There were many key themes in the chapter reading that interested me. With a chapter title of Gender and Sexuality, who wouldn’t be interested? 😉 I also thoroughly enjoyed all of the links provided to us on RamPages.
The section about violence towards women was definitely eye opening, interesting, and especially frightening to read about. Domestic violence, a pattern of abusive behavior in any relationship that is used by one partner to gain to maintain power and control over another intimate partner, is sickening to me. The text stated that about 85 percent of intimate partner violence has been directed at women, and more than a third of female murder victims were killed by a husband or boyfriend (Croteau 307). And the fact that human trafficking is even a thing is beyond me. Human trafficking is when “criminal networks recruit, entrap, and transport individuals, holding them against their will for either sexual exploitation or forced labor.” As stated in the text, about 80 percent of the victims of this modern-day slavery are poor women and girls, half under age 18 (Croteau 308). Even though we all know this unimaginable crime is worldwide, very little has been done to fight against this issue. Don’t even get me started on female genital cutting. Whatever the reason, an estimated 100 million to 140 million women have undergone some form of genital cutting (Croteau 308). Are you freaking serious; you’ve GOT to be kidding me? How is this even a thing?
As I’ve stated in a previous blog entry, gender roles and gender expectations are prevalent and have been perpetuating through the different generations. A gender role is a set of social expectations regarding behavior and attitudes based on a person’s sex (Croteau 296). Gender roles help shape our identity by influencing a wide range of characteristics, including the following: appearance, activities, behaviors and emotions, and aspirations (Croteau 296). Growing up, I remember being labeled a tomboy for years since I was always running around with my older brothers; always trying to keep up with them and do what they were doing. It wasn’t until I surprisingly decided to start cheerleading that people stopped calling me a tomboy. They’d tell me that I looked so much better with a little bit of make-up on, girlish clothes, and my hair down. Why can’t a girl wear cut off shorts, a tank top, tennis shoes and a ponytail? Another concept that caught my attention was what’s referred to as the second shift – the phenomenon of employed women still having primary responsibility for housework and child care (Croteau 305). In today’s world, both parents typically have to work but that doesn’t necessarily mean that the other standards have fallen to the wayside. In many households, men probably still expect their wife to cook the meals, keep the house clean, and take care of the children while working 40 hours a week. I’m not saying that’s the way it is in every household, but it obviously still exists since there’s a specific term for it.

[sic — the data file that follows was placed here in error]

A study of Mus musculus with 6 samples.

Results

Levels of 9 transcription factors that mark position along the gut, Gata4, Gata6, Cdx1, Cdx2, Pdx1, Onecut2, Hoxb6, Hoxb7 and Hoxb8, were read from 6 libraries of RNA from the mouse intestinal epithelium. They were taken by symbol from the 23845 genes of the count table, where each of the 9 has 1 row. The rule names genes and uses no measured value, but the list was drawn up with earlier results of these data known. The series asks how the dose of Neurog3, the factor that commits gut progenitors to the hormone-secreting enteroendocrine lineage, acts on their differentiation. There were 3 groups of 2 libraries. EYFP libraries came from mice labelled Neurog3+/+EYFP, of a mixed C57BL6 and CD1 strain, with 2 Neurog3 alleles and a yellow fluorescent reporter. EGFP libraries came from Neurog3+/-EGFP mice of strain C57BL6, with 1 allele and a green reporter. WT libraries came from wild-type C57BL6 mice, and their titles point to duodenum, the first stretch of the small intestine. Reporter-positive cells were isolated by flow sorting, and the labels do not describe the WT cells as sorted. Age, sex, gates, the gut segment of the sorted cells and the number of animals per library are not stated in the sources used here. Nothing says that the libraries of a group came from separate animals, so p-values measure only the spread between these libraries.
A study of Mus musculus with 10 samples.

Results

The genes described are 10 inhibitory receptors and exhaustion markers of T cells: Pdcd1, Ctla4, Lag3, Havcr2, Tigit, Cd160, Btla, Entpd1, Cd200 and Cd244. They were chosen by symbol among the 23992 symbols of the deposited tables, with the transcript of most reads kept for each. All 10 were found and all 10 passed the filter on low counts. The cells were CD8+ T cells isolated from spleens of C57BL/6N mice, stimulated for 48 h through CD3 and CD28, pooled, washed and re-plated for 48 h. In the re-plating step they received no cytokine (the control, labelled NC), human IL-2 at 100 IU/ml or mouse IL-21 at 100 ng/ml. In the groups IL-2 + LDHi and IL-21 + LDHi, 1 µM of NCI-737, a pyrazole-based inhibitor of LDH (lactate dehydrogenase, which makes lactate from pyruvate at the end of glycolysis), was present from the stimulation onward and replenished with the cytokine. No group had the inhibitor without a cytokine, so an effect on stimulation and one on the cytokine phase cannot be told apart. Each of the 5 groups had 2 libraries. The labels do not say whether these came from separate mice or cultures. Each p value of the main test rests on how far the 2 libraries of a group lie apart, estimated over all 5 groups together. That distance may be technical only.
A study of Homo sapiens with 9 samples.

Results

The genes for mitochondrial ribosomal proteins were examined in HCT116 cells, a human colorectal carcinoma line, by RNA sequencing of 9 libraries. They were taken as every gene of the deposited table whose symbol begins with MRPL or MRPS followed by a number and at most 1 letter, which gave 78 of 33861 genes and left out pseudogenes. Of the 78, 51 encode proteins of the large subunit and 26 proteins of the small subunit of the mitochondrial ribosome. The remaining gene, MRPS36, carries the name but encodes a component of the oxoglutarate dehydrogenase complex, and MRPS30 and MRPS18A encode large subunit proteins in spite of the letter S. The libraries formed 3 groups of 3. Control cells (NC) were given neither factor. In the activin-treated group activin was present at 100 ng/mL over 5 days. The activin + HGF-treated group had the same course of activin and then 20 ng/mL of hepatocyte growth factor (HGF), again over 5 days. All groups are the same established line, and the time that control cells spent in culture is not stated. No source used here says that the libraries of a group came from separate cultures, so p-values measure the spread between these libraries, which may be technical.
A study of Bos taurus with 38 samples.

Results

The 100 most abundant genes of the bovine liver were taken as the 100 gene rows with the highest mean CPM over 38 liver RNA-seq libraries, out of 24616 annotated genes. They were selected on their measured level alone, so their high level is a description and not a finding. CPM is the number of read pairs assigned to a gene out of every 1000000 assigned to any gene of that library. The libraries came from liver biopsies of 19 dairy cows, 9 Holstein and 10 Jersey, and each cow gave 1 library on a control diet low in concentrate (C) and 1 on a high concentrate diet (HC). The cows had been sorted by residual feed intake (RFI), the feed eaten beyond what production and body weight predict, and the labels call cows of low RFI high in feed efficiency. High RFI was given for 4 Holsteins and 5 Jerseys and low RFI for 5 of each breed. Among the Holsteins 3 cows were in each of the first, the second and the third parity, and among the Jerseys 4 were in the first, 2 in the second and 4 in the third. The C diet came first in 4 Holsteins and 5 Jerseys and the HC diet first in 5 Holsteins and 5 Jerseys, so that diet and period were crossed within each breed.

Lastly, I thoroughly enjoyed the Every Girl, Every Boy poem by Nancy R. Smith on page 296. It points out the unfairness between boys and girls and the gender expectations that are instilled in them at a young age; it’s ridiculous. She states that gender distinctions limit the options available to both sexes and she couldn’t be more accurate (Croteau 296).